At the time of writing, it looks like Boris Johnson is going to try to call an election on Monday 14th October, if the House of Commons (as expected) votes to stop a No Deal Brexit after sittings resume later today.

Why Monday 14th October? That it’s a Monday is a little odd, but there is method in this. There have to be 25 working days between an election being agreed and it happening, and so Thursday 10th October it too tight. And Thursday 17th October… is the date of the European Council where Boris Johnson keeps on claiming that he is going to get a brilliant Brexit deal.

In other words, Johnson wants to go into an election campaign being able to claim he will get a brilliant deal from Brussels just three days after the close of the polls. As David Henig points out here, Johnson is not really going to be in a position to do that so soon after an election, but that is not going to stop Johnson saying it. Also as we know from Peter Foster and others there aren’t actual proposals from the UK to solve the backstop issue anyway. And lastly were Johnson to get the Withdrawal Agreement changed, the UK Parliament is not going to be able to ratify it by 31st October anyway, so at the very least a technical extension is going to be needed.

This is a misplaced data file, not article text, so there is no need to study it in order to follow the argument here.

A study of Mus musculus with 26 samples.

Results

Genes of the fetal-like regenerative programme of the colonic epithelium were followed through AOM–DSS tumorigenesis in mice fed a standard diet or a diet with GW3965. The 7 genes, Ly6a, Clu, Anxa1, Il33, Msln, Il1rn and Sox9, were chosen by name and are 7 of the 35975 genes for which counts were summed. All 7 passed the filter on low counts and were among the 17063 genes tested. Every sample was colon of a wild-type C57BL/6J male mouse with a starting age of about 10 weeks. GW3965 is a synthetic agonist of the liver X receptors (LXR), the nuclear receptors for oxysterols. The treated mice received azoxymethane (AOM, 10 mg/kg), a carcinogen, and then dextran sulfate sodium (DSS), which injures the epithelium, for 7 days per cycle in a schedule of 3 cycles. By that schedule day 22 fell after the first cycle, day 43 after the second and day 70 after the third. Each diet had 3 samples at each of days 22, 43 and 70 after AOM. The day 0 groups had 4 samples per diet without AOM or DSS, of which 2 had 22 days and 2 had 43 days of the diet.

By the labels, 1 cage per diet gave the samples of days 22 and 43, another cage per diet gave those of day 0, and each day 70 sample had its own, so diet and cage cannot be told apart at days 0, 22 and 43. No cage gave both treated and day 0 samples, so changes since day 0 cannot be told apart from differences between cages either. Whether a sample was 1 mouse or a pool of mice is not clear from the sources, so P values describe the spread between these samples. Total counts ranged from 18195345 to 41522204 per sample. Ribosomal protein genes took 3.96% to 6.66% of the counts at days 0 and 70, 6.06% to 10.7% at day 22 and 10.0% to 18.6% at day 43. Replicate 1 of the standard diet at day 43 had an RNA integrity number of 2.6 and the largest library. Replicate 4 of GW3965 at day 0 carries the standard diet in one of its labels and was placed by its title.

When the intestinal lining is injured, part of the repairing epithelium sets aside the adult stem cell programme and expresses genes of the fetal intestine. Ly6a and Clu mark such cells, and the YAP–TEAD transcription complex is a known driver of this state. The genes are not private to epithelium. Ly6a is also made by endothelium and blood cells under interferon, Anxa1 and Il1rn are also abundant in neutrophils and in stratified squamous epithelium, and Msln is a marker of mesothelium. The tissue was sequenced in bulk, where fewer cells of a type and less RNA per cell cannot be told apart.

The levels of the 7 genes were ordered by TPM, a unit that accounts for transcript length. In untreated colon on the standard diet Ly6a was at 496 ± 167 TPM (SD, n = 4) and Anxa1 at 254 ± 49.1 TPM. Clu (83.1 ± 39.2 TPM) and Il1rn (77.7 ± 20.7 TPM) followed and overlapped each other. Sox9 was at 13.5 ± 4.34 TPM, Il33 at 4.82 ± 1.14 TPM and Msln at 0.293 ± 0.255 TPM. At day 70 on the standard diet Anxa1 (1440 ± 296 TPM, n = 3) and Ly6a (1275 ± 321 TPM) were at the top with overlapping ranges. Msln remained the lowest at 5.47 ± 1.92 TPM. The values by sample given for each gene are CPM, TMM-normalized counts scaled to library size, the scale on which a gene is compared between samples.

“Give me your votes and I will go to Brussels on 17th October and get a great deal, without the undemocratic backstop, and if that fails we will have No Deal” sounds like a plausible line – and taking it apart actually requires some knowledge and understanding.

In reality the only Brexit Deal the UK can actually get by 31st October is No Deal, and to crash out. But you can bet that opposition parties are not going to be able to nail Johnson on that one during an election campaign.

We have seen similar arguments deployed by the government when it comes to prorogation of Parliament. “We’re only loosing five sitting days and there is normally a recess at this time of year anyway” is the line taken by the likes of Richard Graham and James Cartlidge.

The problem is that here too taking this apart requires some knowledge. Prorogation is done without a vote of Parliament, while the Commons does vote for its own recess dates – and there were plans afoot to partially cancel the recess during party conference season. Prorogation also means all bills that have not completed their passage through the Houses fall. And there is the constitutional issue over whether prorogation for such a long period (5 weeks) is appropriate.

But there is just enough cover in this for the loyalists like Graham and Cartlidge to keep loyal and not be willing to label this what it is: a power grab by Johnson to limit Parliament’s power and time to scrutinise Brexit.

How, I wonder, do we find better ways to take all of this apart?